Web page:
As we head into the dog days of summer, American radio airwaves are taking on a classic feel. In each of the past two summer rating periods, the Classic Hits format has grown its share of national listening than any other format. The release of Nielsen’s June portable people meter (PPM) survey results affirm the gains of not only Classic Hits, but of the Classic Rock format as well.
Despite trailing Classic Hits in audience share among listeners 6 and older in June, Classic Rock had a strong showing among both Millennials (tying last summer’s record 4.8% share) and adults 25-54 (registering its highest share since a year ago). This June marks the fourth straight summer that the format has matched or increased its share in a year-over-year comparison.
The summertime radio listening story isn’t complete without mentioning Classic Hits, and in June the format posted higher results across all three of the demographics. But the real story lies in the historical comparisons to where Classic Hits stood in past years. June 2016 marks the format’s highest June share in PPM measurement, and bodes well for the rest of the summer. If in a few months’ time if Classic Hits is once again crowned the “format of the summer,” it will mark the third consecutive year it has held this title.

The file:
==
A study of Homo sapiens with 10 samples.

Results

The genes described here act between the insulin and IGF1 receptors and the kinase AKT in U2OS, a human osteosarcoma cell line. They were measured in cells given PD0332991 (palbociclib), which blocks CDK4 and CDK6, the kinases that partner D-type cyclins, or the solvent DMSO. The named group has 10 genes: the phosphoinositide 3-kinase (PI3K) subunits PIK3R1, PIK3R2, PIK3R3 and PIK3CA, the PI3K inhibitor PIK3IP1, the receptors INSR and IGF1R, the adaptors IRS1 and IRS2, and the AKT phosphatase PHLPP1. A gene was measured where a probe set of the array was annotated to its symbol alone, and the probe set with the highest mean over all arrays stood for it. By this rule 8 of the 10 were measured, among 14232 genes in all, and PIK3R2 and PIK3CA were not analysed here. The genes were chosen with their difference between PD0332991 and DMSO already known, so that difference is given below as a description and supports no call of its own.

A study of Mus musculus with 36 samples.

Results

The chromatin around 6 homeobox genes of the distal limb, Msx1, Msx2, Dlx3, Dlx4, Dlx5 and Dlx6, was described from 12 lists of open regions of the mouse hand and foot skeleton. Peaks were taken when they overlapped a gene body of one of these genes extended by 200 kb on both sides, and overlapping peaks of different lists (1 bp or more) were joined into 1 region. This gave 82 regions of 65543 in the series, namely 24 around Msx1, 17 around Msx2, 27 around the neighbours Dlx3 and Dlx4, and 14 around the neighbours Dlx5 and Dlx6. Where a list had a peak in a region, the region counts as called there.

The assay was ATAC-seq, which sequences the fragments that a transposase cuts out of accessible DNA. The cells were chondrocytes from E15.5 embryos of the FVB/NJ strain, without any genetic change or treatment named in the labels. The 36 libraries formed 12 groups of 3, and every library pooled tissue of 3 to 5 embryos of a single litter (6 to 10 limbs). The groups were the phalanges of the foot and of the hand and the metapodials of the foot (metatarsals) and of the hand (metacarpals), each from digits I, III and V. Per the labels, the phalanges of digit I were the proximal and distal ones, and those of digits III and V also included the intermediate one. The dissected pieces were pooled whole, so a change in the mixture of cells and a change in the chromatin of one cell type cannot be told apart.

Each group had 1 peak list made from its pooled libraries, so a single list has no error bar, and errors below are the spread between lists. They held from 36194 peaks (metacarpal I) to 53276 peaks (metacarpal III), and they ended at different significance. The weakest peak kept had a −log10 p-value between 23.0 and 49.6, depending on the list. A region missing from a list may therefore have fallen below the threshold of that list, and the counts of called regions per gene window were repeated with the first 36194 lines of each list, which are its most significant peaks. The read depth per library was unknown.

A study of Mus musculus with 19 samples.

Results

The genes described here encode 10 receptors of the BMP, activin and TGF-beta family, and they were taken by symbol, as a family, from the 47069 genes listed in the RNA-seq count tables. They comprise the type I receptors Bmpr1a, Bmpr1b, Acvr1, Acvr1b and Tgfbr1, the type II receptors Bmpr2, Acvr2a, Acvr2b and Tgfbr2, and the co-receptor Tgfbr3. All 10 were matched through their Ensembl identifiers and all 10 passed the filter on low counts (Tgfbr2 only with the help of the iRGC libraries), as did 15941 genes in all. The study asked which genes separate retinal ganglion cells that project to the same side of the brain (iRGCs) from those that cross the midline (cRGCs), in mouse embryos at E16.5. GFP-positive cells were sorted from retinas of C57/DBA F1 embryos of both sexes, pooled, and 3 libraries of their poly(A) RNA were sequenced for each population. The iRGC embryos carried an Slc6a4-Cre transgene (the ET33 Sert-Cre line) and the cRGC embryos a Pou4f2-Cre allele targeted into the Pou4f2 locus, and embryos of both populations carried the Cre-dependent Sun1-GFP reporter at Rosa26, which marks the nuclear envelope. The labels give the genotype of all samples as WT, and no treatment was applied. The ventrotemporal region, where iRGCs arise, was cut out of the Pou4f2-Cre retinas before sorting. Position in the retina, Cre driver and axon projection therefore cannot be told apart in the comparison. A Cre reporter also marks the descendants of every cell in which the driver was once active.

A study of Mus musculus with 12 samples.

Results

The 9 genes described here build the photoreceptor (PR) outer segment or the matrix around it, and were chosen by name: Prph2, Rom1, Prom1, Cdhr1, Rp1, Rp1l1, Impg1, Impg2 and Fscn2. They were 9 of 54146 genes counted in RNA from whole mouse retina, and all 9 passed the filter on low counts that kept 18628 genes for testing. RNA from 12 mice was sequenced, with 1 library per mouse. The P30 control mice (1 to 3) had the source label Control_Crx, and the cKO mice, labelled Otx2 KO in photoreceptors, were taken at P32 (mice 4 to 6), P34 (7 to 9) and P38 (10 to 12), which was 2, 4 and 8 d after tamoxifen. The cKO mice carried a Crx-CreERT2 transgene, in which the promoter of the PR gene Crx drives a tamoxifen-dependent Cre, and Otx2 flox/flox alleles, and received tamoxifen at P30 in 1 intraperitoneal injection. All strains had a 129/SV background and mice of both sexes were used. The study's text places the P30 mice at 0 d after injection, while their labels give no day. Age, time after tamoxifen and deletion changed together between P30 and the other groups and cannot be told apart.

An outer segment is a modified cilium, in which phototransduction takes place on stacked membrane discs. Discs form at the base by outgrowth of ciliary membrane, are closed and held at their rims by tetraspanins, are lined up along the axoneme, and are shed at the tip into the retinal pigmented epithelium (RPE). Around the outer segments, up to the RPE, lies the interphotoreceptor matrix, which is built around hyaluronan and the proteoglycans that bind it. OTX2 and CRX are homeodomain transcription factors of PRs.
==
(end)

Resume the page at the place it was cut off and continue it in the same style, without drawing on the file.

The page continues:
Finally, sticking to historical comparisons we can also see that the Country format in June—perennially a summertime gainer—saw some of the lowest shares we’ve captured in several years. In 2013, Country claimed the title of “format of the summer” after a big mid-year ratings boost; it then carried that momentum into the next year before cooling off, and Country has yet to regain those same levels of audience share in PPM markets in the past few years. This month, we see Country register its lowest June shares since 2012 among persons 6 and older (7.5% in June 2012), Millennials (8.6% in June 2012) and 25-to-54 year-olds (7.2% in June 2012).
*Nielsen Audio officially has 48 measured PPM Markets, but three of them (Nassau-Suffolk, Middlesex-Somerset-Union, and San Jose) are included in the larger New York and San Francisco metro areas. Therefore, the listening data from those Markets are included in these results even though we did not break them out separately.
Data used in this report is inclusive of multicultural audiences. Hispanic consumer audiences are composed of both English and Spanish speaking representative populations.